It’s not always easy to get a simple answer on topics regarding Andorra. If you’re looking for info on whether or not you need a Schengen visa to visit or leave Andorra, you’ve found the right place.
Whether you are a tourist looking to visit Andorra for a quick trip or a resident wondering about your rights, we’ll walk you through everything you need to know to make sense of a fairly complex situation.
Table of Contents
The Schengen Area
The Schengen Area consists of 26 European states, 22 of which are EU states. The area allows freedom of travel within its boundaries for tourists and residents alike, and a lack of border control at their mutual borders.
This allows the entire region to operate as a single jurisdiction (as far as travel is concerned), allowing free movement in Europe.
Member states co-operate with each other to ensure security, and are allowed to travel over internal Schengen borders into another country to catch criminals in the act of committing offences.
At external borders of the Schengen Area however, non-EU nationals need to present a travel document and visa, or a relevant residence permit, along with any supporting documentation for their visit.
Entry and travel throughout the Schengen is covered in detail, with examples in this document. Overall, categories are broken down into:
- Citizens or residents of EU or Schengen member states.
- Overseas citizens, exempt from needing to obtain a short-stay visa.
- Overseas citizens, needing to obtain a short-stay visa.
Andorra and the Schengen Area
Andorra has not yet signed on to the Schengen Agreement, meaning it is necessary to pass through border control when travelling into/out of the country, either via Spain or France.
Border controls with both France and Spain are more linked to customs control than immigration. Due to Andorra’s low VAT tax, travellers are often checked to ensure they are not importing greater than allowed quantities of mostly alcohol and tobacco to the Schengen Area.
Andorra began Schengen negotiations in 2015 with the support of Monaco and San Marino, seeking a similar arrangement to that of Lichtenstein.
As it is not possible to fly directly into Andorra, it is necessary to enter the Schengen Area first. This means one must enter the Schengen with an appropriate visa, then enter Andorra. This essentially means Schengen visa rules apply de facto to Andorra.
Tourist Visa for Andorra
Andorra does not require a visa upon entry for visits less than 90 days, however a valid passport or EU identity card must be carried for entry.
While a visa is not required for short-term tourists to enter Andorra, in theory a double or multiple entry visa is required for tourists to leave Andorra and re-enter the Schengen area.
Therefore, without a multiple entry visa it is possible to be denied entry to Andorra (since if you enter and are denied entry back into the Schengen, you are stuck in Andorra).
Despite border controls, the likelihood of being stopped and asked for travel documents is rare, but it is worth knowing you could be turned away at the border.
Future Residents to Andorra
Those who are non-EU citizens, planning to become residents in Andorra, either through passive residency, self-employment or on a work permit should consider having a valid multiple entry Schengen visa before beginning their application.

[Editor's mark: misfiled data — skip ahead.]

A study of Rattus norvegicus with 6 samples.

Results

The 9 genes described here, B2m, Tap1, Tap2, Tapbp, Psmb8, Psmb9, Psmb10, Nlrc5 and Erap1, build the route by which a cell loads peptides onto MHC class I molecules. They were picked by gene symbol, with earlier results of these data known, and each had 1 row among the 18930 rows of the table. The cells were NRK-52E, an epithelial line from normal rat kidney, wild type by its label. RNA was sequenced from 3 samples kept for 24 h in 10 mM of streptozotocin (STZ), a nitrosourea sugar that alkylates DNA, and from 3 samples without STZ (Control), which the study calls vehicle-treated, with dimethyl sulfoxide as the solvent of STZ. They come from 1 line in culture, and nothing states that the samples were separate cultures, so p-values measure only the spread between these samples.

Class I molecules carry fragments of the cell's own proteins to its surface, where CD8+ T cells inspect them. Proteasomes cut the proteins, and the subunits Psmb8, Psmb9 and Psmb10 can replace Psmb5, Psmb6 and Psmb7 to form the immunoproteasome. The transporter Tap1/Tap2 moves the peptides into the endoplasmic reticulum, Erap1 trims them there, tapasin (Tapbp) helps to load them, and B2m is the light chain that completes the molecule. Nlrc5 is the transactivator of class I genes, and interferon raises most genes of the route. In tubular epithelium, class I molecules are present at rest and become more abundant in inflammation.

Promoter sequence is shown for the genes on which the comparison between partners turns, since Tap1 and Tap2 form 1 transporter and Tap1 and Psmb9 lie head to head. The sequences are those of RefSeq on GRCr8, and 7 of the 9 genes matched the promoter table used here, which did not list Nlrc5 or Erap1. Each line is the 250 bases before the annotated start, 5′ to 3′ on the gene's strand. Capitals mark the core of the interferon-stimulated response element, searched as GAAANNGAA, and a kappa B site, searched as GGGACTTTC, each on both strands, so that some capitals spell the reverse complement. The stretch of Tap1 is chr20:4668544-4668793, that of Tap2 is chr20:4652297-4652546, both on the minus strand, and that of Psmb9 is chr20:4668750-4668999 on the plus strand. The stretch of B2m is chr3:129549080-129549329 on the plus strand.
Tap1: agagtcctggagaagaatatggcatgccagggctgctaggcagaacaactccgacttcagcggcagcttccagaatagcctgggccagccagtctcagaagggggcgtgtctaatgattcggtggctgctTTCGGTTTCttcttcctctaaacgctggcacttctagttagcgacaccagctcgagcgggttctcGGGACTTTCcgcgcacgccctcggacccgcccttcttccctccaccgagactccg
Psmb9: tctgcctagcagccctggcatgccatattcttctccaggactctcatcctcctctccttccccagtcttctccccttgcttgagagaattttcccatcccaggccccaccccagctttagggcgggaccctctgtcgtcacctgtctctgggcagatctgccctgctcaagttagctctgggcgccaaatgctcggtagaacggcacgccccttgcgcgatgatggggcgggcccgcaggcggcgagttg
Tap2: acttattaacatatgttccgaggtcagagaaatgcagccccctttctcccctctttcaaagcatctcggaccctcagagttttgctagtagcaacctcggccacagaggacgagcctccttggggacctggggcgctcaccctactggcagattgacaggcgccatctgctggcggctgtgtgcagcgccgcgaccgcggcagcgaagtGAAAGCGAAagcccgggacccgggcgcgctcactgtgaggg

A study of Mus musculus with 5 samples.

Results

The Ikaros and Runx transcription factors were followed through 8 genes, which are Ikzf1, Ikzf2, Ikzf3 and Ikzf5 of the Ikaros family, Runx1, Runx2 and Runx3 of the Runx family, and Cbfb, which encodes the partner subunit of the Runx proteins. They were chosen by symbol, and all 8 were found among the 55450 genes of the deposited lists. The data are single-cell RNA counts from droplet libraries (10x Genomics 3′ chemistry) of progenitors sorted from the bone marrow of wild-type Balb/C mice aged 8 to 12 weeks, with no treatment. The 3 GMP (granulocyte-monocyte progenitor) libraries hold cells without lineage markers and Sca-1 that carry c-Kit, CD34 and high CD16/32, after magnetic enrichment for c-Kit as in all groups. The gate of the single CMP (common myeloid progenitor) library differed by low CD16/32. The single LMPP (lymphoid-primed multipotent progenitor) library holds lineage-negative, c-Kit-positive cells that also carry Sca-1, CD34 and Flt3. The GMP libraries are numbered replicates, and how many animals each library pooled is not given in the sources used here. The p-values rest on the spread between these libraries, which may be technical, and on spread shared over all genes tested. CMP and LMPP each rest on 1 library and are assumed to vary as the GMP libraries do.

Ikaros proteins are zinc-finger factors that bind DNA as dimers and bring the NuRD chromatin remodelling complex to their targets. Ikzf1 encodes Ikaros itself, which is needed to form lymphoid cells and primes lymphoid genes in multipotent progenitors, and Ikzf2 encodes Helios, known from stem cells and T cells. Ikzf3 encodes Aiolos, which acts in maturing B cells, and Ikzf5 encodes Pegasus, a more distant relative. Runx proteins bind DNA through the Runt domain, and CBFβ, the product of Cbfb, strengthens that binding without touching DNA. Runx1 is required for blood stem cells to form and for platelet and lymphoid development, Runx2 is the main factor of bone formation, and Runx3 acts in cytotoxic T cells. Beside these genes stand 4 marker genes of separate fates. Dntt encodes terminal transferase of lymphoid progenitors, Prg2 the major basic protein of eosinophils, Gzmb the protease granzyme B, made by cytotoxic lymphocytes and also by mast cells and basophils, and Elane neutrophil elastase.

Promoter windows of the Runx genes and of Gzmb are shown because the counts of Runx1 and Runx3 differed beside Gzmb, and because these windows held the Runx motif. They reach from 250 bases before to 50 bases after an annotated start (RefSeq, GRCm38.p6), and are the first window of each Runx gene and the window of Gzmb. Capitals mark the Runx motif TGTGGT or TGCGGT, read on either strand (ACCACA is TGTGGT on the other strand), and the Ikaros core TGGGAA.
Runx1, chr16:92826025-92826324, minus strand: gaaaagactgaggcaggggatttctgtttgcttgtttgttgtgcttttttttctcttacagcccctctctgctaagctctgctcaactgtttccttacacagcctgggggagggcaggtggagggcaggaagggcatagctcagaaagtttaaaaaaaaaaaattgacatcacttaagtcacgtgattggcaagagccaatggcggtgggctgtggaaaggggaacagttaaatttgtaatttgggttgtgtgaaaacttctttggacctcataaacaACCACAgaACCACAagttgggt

Though there are cases of some (especially passive residents) not needing to show this visa to immigration, it is simple enough to arrange to avoid the risk of a delay in your application.
Residents of Andorra in the Schengen Area
For residents of Andorra not from an EU or Schengen country, there’s good news and bad news.
If you have the right to live or work in Andorra (either via residency or work permit), then you have the same rights as a foreigner with residency in France or Spain.
“The entry and circulation regime in France and Spain for foreigners holding an Andorran residence permit is identical to that applicable to foreigners holding a French or Spanish residence permit.”
Foreign residents of either Spain or France are allowed unrestricted travel to other Schengen member states for periods up to 90 days. Stays longer than this will likely require a residence permit.
In theory, according to Decree no. 2003-740, foreign residents of Andorra have these same rights.
Many residents of Andorra often enter the Schengen area via Spain and France; more specifically Barcelona and Toulouse. As these countries are familiar with Andorra, entry is not a problem so long as one carries a valid residency permit.
Problems can arise when travelling through countries with immigration officials not familiar with Andorra.
During a recent flight to Canada, I myself was questioned while transiting through Germany. I still made my flight, but if the transit time was any tighter I would have missed it, despite being let through.
Others have experienced similar treatment – it’s rarely about laws and more often about lack of knowledge. Though the outcome is almost always being allowed to continue travelling.
Aside from their passport, many foreign residents carry the following to support their movements:
- Residency card
- Copy of a bank statement or onward travel (such as a bus ticket to Andorra in the case of returning home to Andorra)
Some suggest printing a copy of the decree and bringing it with you in case of needing to plead your case in an airport.
Andorra & Schengen Visas: Clear as Mud
Unfortunately for now, this is as clear as it gets. Do know that most people either visiting or residing in Andorra never have any trouble at the borders or when travelling abroad.
With any luck, this article will need a complete review in years to come as future agreements are made!